This topic discusses the differences between scripts and functions, and shows how to convert a script to a function.

Both scripts and functions allow you to reuse sequences of commands by storing them in program files. Scripts are the simplest type of program, since they store commands exactly as you would type them at the command line. However, functions are more flexible and more easily extensible.

Create a script in a file named triarea.m that computes the area of a triangle:

b = 5;
h = 3;
a = 0.5*(b.*h)

After you save the file, you can call the script from the command line:

a =

To calculate the area of another triangle using the same script, you could update the values of b and h in the script and rerun it. Each time you run it, the script stores the result in a variable named a that is in the base workspace.

However, instead of manually updating the script each time, you can make your program more flexible by converting it to a function. Replace the statements that assign values to b and h with a function declaration statement. The declaration includes the function keyword, the names of input and output arguments, and the name of the function.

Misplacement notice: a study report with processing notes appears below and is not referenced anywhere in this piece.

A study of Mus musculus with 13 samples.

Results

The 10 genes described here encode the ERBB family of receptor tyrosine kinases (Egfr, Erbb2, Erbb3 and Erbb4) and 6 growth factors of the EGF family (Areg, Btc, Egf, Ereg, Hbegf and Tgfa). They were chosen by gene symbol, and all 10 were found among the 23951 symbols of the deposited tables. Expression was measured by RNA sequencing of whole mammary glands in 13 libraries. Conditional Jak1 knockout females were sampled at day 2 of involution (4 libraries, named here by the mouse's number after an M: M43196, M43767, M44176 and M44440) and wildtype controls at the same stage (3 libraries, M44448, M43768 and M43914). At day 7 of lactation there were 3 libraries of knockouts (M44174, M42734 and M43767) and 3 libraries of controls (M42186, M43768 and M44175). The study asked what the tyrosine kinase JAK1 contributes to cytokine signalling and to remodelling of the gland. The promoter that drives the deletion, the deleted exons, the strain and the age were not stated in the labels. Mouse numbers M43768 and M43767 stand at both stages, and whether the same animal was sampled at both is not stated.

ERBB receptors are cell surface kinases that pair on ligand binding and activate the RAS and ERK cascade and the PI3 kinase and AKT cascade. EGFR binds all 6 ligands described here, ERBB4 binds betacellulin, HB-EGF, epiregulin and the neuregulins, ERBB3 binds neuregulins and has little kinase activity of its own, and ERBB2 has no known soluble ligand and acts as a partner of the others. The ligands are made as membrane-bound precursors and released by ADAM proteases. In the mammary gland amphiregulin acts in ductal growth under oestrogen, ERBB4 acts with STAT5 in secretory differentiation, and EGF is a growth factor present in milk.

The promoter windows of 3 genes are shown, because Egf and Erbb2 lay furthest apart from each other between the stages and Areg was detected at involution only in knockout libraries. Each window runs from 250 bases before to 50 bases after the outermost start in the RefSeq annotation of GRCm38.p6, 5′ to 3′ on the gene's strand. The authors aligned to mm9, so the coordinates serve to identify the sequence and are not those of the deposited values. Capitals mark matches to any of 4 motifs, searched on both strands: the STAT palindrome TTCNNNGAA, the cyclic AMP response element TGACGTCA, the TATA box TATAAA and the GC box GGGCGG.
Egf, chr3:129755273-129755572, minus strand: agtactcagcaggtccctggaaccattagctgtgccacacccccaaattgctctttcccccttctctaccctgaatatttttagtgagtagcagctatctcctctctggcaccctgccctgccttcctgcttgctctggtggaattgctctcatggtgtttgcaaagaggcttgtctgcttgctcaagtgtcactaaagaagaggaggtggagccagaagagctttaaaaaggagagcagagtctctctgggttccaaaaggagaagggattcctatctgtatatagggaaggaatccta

function a = triarea(b,h)
a = 0.5*(b.*h);

After you save the file, you can call the function with different base and height values from the command line without modifying the script:

a1 = triarea(1,5)
a2 = triarea(2,10)
a3 = triarea(3,6)
a1 =
a2 =
a3 =

Functions have their own workspace, separate from the base workspace. Therefore, none of the calls to the function triarea overwrite the value of a in the base workspace. Instead, the function assigns the results to variables a1, a2, and a3.